On Parenting a WoW player
I’m veering seriously into opinion here, no theorycrafting. A little bragging while I’m at it, though.
As I mentioned recently, I’ve a daughter who plays WoW. A 15 years old daughter who’s been playing for some time now. As a parent, I’ve concerns. The concerns basically boil down to the fact that if you like WoW at all, it’s (by design) addictive.
OK, let me digress with that “addictive” crack (no pun intended). Blizzard wants you to pay a chunk every month, and to buy its expansions as they come out. Now, the company really doesn’t care how much you play so long as you pay. But they know – KNOW – that if people quit playing, they quit paying. So they intentionally strive to design so as to encourage you to keep playing often enough to keep spending money. For lack of a less semantically loaded term, they want you addicted to the game.
There are several spinoff problems with this. First, most of us are built so that we gorge on our addictions anytime we’re given a chance. Some of us can keep the gorging down, but there’s a larger-than-we-like proportion of our population which can’t resist going on. And it’s a sad fact that children are less likely to have built the brakes to stop gorging. Oh, most will stop at some point, but as a rule it’s well after the point most of us older folk would set.
And the second problem deals with the children as well. I’ve met (in person) a LOT of kids who play World of Warcraft or Everquest or … well, a lot of MMORPGs. They’ve a lot in common with players of RPGs in general — they tend to be really bright and imaginative. Unfortunately, this makes them more vulnerable to the addiction aspect as the game which caught their interest now influences their imagination so that only the game can really catch their attention… A danger sign — if all the off-game conversation revolves around the game, there might be a problem. And if the child starts giving up food and sleep and face-to-face friends for online gaming, MIGHT is no longer applicable.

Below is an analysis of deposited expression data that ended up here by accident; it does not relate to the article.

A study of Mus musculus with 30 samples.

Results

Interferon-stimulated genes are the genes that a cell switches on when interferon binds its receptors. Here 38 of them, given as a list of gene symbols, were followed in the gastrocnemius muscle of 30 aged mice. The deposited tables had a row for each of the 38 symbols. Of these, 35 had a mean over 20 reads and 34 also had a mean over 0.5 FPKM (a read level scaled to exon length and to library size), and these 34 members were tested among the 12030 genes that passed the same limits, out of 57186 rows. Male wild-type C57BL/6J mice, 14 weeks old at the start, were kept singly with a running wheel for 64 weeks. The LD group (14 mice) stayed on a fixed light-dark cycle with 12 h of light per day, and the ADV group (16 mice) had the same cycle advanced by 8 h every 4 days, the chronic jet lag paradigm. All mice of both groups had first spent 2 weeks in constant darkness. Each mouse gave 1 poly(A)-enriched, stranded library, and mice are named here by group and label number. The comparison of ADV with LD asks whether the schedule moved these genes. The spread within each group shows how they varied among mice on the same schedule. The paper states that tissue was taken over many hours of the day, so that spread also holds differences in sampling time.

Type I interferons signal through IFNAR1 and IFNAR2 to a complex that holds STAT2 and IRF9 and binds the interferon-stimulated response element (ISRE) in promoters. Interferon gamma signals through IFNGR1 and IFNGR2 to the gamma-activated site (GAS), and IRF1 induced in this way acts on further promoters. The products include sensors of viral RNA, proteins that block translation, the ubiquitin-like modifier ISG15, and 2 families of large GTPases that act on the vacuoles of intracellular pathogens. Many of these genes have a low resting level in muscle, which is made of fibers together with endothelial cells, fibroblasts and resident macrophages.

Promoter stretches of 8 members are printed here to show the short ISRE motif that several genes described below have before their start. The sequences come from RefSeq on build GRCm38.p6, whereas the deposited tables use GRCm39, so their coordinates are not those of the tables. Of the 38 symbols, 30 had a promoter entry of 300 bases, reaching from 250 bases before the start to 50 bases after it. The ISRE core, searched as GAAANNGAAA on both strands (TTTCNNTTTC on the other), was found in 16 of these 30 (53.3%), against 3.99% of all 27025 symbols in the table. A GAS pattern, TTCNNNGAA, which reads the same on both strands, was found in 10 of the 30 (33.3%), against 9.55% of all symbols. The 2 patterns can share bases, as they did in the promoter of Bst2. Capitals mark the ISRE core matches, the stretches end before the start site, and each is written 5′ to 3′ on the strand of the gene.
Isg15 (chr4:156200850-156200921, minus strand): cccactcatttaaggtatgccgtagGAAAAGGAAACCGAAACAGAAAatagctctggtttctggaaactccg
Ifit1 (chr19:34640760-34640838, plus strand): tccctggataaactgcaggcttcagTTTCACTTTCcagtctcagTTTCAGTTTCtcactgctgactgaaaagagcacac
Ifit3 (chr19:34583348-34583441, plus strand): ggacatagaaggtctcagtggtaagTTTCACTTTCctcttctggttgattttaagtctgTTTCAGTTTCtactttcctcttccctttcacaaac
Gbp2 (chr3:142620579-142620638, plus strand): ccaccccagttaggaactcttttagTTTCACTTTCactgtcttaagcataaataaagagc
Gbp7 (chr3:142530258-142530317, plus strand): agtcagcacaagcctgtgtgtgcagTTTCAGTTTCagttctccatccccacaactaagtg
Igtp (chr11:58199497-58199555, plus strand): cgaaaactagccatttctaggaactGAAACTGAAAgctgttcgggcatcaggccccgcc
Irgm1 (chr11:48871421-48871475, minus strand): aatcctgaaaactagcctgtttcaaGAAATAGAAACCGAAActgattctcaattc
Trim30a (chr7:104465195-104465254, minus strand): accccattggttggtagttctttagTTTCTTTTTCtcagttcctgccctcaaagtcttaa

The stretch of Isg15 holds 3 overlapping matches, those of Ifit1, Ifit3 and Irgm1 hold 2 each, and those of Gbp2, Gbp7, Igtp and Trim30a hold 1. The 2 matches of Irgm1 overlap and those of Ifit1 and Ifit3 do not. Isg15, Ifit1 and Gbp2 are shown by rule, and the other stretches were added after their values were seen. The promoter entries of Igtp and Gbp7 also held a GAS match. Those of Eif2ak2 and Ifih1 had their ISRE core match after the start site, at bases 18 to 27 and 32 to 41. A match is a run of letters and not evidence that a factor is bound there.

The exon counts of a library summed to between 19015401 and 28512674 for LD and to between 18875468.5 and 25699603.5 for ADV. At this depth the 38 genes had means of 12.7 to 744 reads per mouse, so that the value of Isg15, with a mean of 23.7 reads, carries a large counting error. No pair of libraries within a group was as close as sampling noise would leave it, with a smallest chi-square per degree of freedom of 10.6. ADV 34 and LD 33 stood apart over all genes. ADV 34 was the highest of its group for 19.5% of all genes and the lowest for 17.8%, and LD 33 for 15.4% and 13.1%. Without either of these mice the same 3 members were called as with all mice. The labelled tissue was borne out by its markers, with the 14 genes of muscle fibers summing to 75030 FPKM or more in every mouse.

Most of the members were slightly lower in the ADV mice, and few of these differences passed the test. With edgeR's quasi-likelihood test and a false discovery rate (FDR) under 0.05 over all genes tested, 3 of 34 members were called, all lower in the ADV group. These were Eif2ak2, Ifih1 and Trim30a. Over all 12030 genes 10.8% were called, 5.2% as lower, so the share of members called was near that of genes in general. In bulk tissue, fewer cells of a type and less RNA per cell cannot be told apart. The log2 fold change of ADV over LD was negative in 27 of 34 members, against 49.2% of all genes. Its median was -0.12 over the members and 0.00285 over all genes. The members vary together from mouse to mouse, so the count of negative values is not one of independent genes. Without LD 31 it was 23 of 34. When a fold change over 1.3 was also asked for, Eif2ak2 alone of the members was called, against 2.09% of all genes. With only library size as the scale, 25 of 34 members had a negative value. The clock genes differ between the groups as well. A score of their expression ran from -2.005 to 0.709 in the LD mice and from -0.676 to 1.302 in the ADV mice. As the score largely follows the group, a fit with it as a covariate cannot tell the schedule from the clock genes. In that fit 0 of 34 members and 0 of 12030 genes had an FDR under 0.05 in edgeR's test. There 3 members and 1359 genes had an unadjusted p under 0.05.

So, how do you deal with this? Best, in my opinion, by pre-empting it.
The draconian measure is the dreaded Parental Curfew. NOTE – not parental controls. The latter are the means of enforcing the curfew if you the parent suspect your child is violating the curfew. No, I’m talking a reasoned, reasonable discussion and agreement that your child only plays the game at certain times on certain days. For example — During the school year my daughter can play WoW on any non-school day from, generally from 8 am to 11 pm – 10 pm if the next day is a school day. On the last day of school each week she can start an hour after school ends for the day, with an end time of 11 pm. All that has two Major Restrictions: 1) Homework takes precedence; 2) pre-arranged family events take precedence. (BUT – I hear cries – What about Monday through Thursday? Well, three nights a week of martial arts pretty much takes care of that. Have I mentioned she’s second dan in TKD? brag, brag)
During the summer vacation the rule was that two days a week were TKD free, and the same precedents applied.
But those are my rules for my family, done after discussion and with agreement and compromise. As a result I’ve got an honors-level student doing honors-level work and still having a pretty full life outside World of Warcraft. Which is going to be pretty important for her later life — I suspect “Level 70 on all classes in World of Warcraft, 1800+ Arena rating” is going to be worthless on a resume except as a ‘standout difference point’. (No, she doesn’t have that. I’m using it as my example – a bit of hyperbole.)
I think the key thing is that I pay attention. The rules aren’t arbitrary, but they do exist. And they’re not a ‘demand from on high’ but done with a real attempt to balance the fact that she has a lot of fun with the desire that she not be a computer zombie for the rest of her life.
And that, then, is my advice. Remember you’re raising someone who will have to make – and live with – decisions of their own, and in the long run teaching how to determine and live with limits as well as opportunities beats the heck out of life-long compliance with external authority.
I have a daughter who plays WoW, not a WoW-player who happens to be my daughter. And I am proud of her, and expect to continue being so for a long, long time.